Dissatisfied ’Vette owner attempts misguided lawsuit
While surfing the Internet, I found a blog with a frantic plea from an obviously infuriated Corvette owner who wished to unite with other car owners to start a class action lawsuit against Maaco “for poor workmanship.”
Wait a minute — he wanted to file a class action lawsuit against Maaco for a paint job on a Corvette over poor workmanship? Something is wrong with this picture and I don’t think it’s Maaco.
After reading the Corvette owner’s account of what happened to him at a Maaco franchise and how he was “victimized,” I was left shaking my head in disbelief. I realized that this is why lawyers turn to drinking (at least that’s my excuse).
Here, a Corvette owner took his car to Maaco for a paint job where he paid $980 for its “top of the line” paint job and was disappointed in the quality of the services. From his narrative, it appears that his expectation was to receive a “Chip Foose”-quality paint job.
What comes to mind is the seminal line in the movie “Cool Hand Luke”: What we have here is a failure to communicate.
In the movie, Luke and the warden had different expectations for their performances: time served for not attempting escape. They failed to communicate the expectations that each of them had. Similarly, the Corvette owner and the Maaco manager had a difference of expectation for their performances of what $980 buys regarding a paint job on a Corvette.
Remember, in any contract formation, “mutual assent” — an agreement and understanding of both party’s performance and both party’s understanding of the contract terms — is necessary for a valid contract. The expectation of both parties must be fulfilled. A court will always use a “reasonable person” standard to see if there is a binding contract. That is, what a reasonable person should conclude from the words, conduct and terms expressed by the other party.
Maaco is a respected company. It has been around for decades and provides good quality services and fair value for the money spent. It is a mass production shop that counts on a volume of customers. Its franchise operations are nationwide, and one does not become a nationwide franchisor without repeated satisfactory performance.
One problem in this situation: Maaco is not the body shop of choice for most “normal” Corvette owners.
Most “normal” Corvette owners know that they need a specialist to handle fiberglass body and paint work. Most “normal” Corvette owners seek out a craftsman at a shop, not a mass-production facility.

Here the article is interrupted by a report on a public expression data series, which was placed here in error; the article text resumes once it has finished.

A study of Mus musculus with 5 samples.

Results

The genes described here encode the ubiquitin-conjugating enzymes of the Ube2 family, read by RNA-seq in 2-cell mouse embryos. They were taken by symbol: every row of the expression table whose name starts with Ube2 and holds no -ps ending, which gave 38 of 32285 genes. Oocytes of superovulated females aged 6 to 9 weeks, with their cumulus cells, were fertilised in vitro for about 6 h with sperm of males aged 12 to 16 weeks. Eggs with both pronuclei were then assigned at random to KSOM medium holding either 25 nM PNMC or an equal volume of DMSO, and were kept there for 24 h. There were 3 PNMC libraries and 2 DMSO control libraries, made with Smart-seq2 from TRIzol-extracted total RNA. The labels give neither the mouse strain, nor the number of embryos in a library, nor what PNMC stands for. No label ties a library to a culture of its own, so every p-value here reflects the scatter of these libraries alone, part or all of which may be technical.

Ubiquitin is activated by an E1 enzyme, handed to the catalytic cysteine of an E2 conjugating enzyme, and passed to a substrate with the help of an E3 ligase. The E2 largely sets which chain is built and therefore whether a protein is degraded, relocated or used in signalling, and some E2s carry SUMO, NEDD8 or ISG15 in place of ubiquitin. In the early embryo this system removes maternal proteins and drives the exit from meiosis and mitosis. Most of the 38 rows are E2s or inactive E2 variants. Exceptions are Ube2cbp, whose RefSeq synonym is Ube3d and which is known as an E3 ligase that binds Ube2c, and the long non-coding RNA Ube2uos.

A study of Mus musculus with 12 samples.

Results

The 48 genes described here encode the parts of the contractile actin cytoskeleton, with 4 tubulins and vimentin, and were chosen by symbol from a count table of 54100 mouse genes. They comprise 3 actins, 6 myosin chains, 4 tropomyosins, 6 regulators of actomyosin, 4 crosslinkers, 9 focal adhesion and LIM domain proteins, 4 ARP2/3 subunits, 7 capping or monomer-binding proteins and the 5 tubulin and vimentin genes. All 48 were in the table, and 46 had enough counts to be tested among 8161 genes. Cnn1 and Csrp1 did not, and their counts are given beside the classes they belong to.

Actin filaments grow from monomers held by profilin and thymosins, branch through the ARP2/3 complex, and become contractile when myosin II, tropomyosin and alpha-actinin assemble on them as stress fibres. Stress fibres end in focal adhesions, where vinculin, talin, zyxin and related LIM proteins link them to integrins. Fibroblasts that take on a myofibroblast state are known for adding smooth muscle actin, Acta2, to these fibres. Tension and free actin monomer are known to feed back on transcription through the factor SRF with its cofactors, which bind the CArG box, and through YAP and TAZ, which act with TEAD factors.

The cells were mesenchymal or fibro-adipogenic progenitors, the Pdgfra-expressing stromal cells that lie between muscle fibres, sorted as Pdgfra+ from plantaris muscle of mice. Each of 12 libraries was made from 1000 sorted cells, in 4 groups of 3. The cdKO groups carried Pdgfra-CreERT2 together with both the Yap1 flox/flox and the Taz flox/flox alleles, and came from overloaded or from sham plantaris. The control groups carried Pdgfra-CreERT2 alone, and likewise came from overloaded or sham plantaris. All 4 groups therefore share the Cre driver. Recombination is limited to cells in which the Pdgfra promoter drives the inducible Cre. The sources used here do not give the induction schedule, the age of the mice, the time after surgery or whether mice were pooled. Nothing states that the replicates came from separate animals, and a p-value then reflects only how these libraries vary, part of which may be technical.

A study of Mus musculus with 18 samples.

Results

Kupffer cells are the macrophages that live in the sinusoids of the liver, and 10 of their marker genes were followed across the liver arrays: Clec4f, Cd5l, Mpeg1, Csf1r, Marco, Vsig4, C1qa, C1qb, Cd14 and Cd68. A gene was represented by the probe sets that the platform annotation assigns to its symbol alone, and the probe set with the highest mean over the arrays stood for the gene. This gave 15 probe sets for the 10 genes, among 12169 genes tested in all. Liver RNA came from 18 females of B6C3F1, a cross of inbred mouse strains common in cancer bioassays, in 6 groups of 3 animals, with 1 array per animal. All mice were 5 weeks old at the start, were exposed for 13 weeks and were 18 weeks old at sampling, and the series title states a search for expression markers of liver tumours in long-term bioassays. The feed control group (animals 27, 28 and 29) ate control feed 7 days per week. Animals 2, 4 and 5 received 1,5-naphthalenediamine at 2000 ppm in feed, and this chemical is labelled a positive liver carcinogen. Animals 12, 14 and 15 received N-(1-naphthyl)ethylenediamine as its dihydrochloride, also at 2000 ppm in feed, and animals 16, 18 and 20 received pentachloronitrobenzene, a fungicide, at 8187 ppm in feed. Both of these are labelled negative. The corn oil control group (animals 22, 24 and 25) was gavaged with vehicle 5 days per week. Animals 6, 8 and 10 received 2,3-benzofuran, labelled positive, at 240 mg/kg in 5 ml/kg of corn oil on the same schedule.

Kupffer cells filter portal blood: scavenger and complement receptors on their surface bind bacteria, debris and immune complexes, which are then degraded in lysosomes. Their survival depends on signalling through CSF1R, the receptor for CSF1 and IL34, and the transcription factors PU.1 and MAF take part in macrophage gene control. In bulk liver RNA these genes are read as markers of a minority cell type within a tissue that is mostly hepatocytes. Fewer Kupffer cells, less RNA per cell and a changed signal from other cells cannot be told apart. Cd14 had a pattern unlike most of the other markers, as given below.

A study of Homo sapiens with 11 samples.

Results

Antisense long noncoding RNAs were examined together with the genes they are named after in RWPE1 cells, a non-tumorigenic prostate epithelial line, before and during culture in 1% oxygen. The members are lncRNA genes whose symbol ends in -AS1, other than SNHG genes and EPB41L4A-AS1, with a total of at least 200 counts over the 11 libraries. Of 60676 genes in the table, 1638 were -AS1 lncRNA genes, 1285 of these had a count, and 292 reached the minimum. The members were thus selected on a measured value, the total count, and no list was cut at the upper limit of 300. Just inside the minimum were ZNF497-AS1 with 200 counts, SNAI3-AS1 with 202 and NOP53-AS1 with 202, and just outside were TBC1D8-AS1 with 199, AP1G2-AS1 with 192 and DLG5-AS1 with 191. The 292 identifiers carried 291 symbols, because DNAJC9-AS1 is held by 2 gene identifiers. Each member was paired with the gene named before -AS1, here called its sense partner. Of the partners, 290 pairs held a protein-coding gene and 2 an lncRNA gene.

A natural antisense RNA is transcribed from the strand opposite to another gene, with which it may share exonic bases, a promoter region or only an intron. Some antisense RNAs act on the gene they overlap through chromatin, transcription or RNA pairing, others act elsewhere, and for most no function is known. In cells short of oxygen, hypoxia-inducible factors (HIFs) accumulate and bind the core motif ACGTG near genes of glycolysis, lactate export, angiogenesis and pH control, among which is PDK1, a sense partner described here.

Moreover, most “normal” Corvette owners know that a typical paint job for any Corvette can easily range from $7,500 to $12,000. Stripping and bodywork are extra. A check for $980 in most restoration shops may cover the cost of repairing a scratch on one panel.
Taking a Corvette to Maaco and expecting a job worthy of that car is like making reservations for a dinner date at McDonald’s and expecting a gourmet meal. Common sense tells me that going to McDonald’s and expecting them to cook a hamburger like you would cook a filet mignon dinner is an unreasonable expectation.
It is not Maaco’s fault and it is not McDonald’s fault; each is consistent in what it provides or they wouldn’t have survived. In this case, I blame the Corvette owner more than the Maaco. He came into the deal knowing that the price of $980 was too cheap and he chose to take a chance.
Most “normal” Corvette owners are astute enough to recognize the age old adages: You only get what you pay for, and if it sounds too good to be true, it probably is. I submit that this Corvette owner was not “normal.”
Almost half of the collector car fraud complaints that come into my law firm from angry Corvette buyers are nothing more than a difference in expectation of the quality of the purchase. The communication between the buyer and seller was not clear.
So what is the reasonable expectation of this Corvette owner? Should he expect that for $980 he is going to get a “Chip Foose” paint job? I think not.
But what about Maaco – should it have liability for agreeing to paint a special car like the Corvette for $980? I think not. It has more than 30 years of continuous performance for which someone can gauge its workmanship.
So what should this teach us? Communication between the parties — both parties doing the best to spell out their expectations and their performances — is critical to mutual assent and therefore avoiding lawsuits.
I leave you with the following adages: You don’t always get what you want. You don’t always get what you need. Just hope you don’t always get what you deserve.
Bruce Shaw is an attorney specializing in collector car fraud. He is a former Bloomington Gold instructor and a former NCRS national judge.